The Hippocampus and Complex, Nonspatial Discrimination: Is Learning Still "Not Possible"?
Leonard E. Jarrard Washington and Lee University
T. L. Davidson Purdue University
Karl Lashley spent a major part of his career attempting to identify the areas of the brain that underlie learning and memory functions ( Beach, Hebb, Morgan, & Nissen, 1960). A basic research strategy used by Lashley was to assess the acquisition and retention of discrimination learning in rats following surgical destruction of parts of the cortex generally thought to be involved in the formation of associations and with memory. After reviewing the evidence obtained from these and other experiments, Lashley suggested that little had been discovered about the localization of learning and memory processes in the brain. Given that the substrates for memory could not be located, Lashley concluded somewhat whimsically, but also with a degree of resignation, that he sometimes felt that "learning just is not possible."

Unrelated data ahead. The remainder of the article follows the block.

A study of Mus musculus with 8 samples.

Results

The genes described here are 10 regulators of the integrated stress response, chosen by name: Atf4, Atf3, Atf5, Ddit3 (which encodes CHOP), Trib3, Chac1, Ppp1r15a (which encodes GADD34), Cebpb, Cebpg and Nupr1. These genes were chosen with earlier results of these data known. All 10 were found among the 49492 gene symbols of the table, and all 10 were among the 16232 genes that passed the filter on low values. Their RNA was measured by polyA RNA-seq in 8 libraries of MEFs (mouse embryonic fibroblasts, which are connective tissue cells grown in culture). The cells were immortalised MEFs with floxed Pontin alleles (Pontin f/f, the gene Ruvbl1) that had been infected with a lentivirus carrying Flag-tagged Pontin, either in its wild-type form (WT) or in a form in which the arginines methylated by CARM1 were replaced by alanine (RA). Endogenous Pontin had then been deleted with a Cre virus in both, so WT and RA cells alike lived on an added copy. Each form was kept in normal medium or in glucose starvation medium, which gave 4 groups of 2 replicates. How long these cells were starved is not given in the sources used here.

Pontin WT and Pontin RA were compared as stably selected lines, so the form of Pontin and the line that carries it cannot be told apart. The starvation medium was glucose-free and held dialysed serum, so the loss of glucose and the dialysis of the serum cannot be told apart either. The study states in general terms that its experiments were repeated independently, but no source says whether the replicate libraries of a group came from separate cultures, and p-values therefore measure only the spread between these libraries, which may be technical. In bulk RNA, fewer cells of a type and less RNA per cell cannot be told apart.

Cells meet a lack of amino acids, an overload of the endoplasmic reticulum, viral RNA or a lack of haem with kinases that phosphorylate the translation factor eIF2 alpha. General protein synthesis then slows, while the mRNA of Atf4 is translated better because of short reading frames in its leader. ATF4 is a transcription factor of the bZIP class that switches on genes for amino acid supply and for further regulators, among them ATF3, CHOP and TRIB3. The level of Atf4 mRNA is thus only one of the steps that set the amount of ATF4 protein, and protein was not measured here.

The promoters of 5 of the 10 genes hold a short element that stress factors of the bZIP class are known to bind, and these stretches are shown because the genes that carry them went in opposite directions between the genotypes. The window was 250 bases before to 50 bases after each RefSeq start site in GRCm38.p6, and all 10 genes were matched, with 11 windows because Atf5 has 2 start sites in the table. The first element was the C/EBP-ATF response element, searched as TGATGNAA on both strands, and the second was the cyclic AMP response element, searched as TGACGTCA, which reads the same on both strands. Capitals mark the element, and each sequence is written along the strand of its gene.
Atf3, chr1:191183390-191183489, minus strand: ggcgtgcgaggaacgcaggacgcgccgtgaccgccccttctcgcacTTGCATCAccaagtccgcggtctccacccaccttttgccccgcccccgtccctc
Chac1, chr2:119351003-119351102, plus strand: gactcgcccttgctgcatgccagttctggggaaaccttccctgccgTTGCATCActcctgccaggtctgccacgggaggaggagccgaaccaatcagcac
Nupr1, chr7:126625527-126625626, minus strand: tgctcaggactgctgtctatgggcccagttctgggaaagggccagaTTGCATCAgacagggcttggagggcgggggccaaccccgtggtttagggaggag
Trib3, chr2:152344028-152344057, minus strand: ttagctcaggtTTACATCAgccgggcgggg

An important development in the study of the neural substrates of learning and memory occurred a few years after Lashley's lament when Scoville and Milner( 1957) reported the case of H.M., the patient who suffered severe anterograde amnesia following bilateral damage to hippocampus and adjacent medial temporal lobe structures. The discovery of H.M.'s impairment attracted attention to the hippocampus as a possible substrate for learning and memory, and led to the generation of a number of animal models of hippocampal function. Based in large part on data used to support such models, the hippocampus has been implicated generally in the processing of information -- both spatial and nonspatial.